Post-Brexit rules rules for families travelling to France
26 Jul 2023 09:09 by Kate Moore
Read our essential guide - don't get caught out
Things are a little bit different for British nationals travelling in Europe. We’ve summarised the changes to explain how Brexit will impact your next family adventure.
Preparing for a family adventure to France - top tips for families
- Check your passport’s issue and expiry dates and allow plenty of time to apply for a new passport if required
- Each family member will need a valid EHIC card or apply for a new GHIC before travel
- You will need a photo driving licence to drive your vehicle in the EU
- Check your mobile phone provider’s roaming charges for France
- When you cross the French border be sure to carry your return tickets and proof of accommodation
- Families will not need to apply for a digital ETIAS pass to enter France in 2023
Will I need a new passport?
Before Brexit, you could travel to EU countries on your passport right up to the point it expired. Now, the rules relating to the length of time left on our passport depend on the country you’re visiting.
The new rules for British passport holders visiting France state that:
- passports must be less than 10 years old on the day your group enters (check the 'date of issue')
- passports must be valid for at least 3 months after the day your group leaves (check the 'expiry date')
If you renewed your passport early, the UK passport office used to credit you with any unspent time meaning some passports are valid for up to 10 years and nine months. Under the new French rules, these passports could fall foul of the passport validity rule if, when used, they are more than 10 years old.
Make sure you allow plenty of time to apply for your new dark blue passport.
Are our EHIC cards still valid?
The good news is that your European Health Insurance Card (EHIC) is still valid in the EU until it expires.
The European Health Insurance Card (EHIC) gives holders access to state-provided emergency healthcare for free or reduced cost in the EU and Switzerland. Though not a substitute for travel insurance, the EHIC can help reduce your out-of-pocket medical expenses in the event that someone falls ill or has an accident while on holiday.
You’ll be able to replace your EHIC with a GHIC (Global Health Insurance Card) up to 6 months before it expires. Applying for a GHIC is free of charge on the NHS website. Beware of unofficial websites, they may charge you a fee to apply.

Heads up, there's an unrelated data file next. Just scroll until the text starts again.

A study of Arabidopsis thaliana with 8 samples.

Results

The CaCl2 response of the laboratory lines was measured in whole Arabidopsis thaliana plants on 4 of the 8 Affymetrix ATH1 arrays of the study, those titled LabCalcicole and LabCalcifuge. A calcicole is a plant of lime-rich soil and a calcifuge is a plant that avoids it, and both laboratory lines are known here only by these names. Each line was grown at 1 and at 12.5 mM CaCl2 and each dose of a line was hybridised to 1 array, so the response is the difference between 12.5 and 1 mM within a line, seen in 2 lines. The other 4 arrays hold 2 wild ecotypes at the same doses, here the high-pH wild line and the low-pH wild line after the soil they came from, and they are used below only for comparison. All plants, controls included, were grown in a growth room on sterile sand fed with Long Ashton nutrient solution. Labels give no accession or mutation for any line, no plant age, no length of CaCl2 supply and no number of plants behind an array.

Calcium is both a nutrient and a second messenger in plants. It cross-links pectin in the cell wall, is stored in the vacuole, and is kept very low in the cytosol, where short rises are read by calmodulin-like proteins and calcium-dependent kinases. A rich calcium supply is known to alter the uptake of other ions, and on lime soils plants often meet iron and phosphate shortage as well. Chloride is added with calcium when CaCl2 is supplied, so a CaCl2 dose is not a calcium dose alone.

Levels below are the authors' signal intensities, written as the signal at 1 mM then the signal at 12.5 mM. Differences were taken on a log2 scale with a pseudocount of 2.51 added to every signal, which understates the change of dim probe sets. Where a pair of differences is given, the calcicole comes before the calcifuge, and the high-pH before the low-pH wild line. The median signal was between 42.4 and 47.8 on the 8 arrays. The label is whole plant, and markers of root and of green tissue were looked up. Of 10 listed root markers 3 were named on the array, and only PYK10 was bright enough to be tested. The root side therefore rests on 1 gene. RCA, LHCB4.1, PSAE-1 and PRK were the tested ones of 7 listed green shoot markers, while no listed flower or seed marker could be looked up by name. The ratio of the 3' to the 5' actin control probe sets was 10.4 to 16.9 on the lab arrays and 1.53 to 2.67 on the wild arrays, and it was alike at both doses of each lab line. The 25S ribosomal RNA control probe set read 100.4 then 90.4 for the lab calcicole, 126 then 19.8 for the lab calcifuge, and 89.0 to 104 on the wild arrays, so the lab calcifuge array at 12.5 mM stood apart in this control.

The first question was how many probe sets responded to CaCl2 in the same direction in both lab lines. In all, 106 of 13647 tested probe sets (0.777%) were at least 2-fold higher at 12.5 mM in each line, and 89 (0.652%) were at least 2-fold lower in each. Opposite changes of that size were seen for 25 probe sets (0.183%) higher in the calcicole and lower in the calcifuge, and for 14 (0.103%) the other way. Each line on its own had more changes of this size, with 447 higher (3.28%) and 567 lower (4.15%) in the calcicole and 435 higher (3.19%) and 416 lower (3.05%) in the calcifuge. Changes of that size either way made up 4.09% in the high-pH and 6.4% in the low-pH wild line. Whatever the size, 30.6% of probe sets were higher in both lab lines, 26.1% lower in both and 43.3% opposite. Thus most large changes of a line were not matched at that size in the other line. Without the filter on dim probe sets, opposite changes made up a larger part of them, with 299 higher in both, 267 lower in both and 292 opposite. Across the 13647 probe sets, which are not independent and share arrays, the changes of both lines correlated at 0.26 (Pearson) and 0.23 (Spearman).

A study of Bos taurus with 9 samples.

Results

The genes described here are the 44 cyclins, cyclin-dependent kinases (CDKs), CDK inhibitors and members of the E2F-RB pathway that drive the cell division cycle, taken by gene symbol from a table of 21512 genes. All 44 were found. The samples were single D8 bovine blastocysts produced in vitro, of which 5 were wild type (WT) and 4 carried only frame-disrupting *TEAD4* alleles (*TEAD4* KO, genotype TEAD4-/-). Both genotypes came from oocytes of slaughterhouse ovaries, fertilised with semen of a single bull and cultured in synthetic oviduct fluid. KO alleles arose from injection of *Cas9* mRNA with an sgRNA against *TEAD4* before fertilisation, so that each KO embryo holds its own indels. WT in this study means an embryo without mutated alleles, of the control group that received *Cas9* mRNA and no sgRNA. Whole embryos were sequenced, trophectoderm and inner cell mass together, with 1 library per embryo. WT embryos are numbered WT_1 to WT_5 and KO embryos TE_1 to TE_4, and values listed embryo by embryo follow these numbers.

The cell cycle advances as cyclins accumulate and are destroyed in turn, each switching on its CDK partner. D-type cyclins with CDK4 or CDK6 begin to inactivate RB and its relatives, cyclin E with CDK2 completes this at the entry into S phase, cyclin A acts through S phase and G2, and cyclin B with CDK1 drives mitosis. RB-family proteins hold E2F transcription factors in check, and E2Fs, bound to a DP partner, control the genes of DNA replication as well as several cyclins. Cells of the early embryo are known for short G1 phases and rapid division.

What about mobile roaming?
Guaranteed free roaming in the EU ended on 1 January 2021 and so you may now be charged more for using your mobile device in France if your operator has reintroduced roaming charges.
Will we need a visa for our family adventure to France in 2023?
No! British nationals can travel to France without additional paperwork in 2023. The much-delayed EU entry/exit system and ETIAS visa waiver schemes are not expected to be operational until late 2024 at the earliest.
Should we expect any changes at the French border?
Yes. Firstly, you may have to queue in separate lanes from EU, EEA and Swiss citizens. Also, when you arrive in France, be prepared to show your return ticket and proof of accommodation for your stay. You may also be asked to show that you have enough money for your stay.
Can I take food into the EU after Brexit?
You are not allowed to bring any dairy or meat products into the EU from the UK and so don’t be tempted to pack chocolate, biscuits, Bovril or any other products that contain prohibited ingredients. The only exception is powdered infant milk and special foods required for medical reasons.
Will we be able to drive to our family adventure in France?
Yes, the good news is that your UK photocard driving licence will continue to be valid in the EU. If you only have a paper licence, you will need to buy an International Driving Permit from the Post Office to drive in some European countries.
If you are taking your own car, you will also need to pack your log book (V5C) and insurance documents.
Do we need a Green Card to drive in Europe?
No, you do not need to carry a green card when you drive in the EU. The Association of British Insurers states that all UK motor insurance policies provide the legal minimum third-party cover required to drive in the EU. Check with your insurance company whether they provide extra cover for things like accidental damage or theft while using your car abroad.
Can we still use our GB car sticker to drive abroad?
No! If you intend to drive your British vehicle in the EU you will now need to clearly display a “UK” sticker on the rear of your car. This replaces the GB sticker that was previously needed when driving abroad. If you still have a GB sticker it should be removed or covered.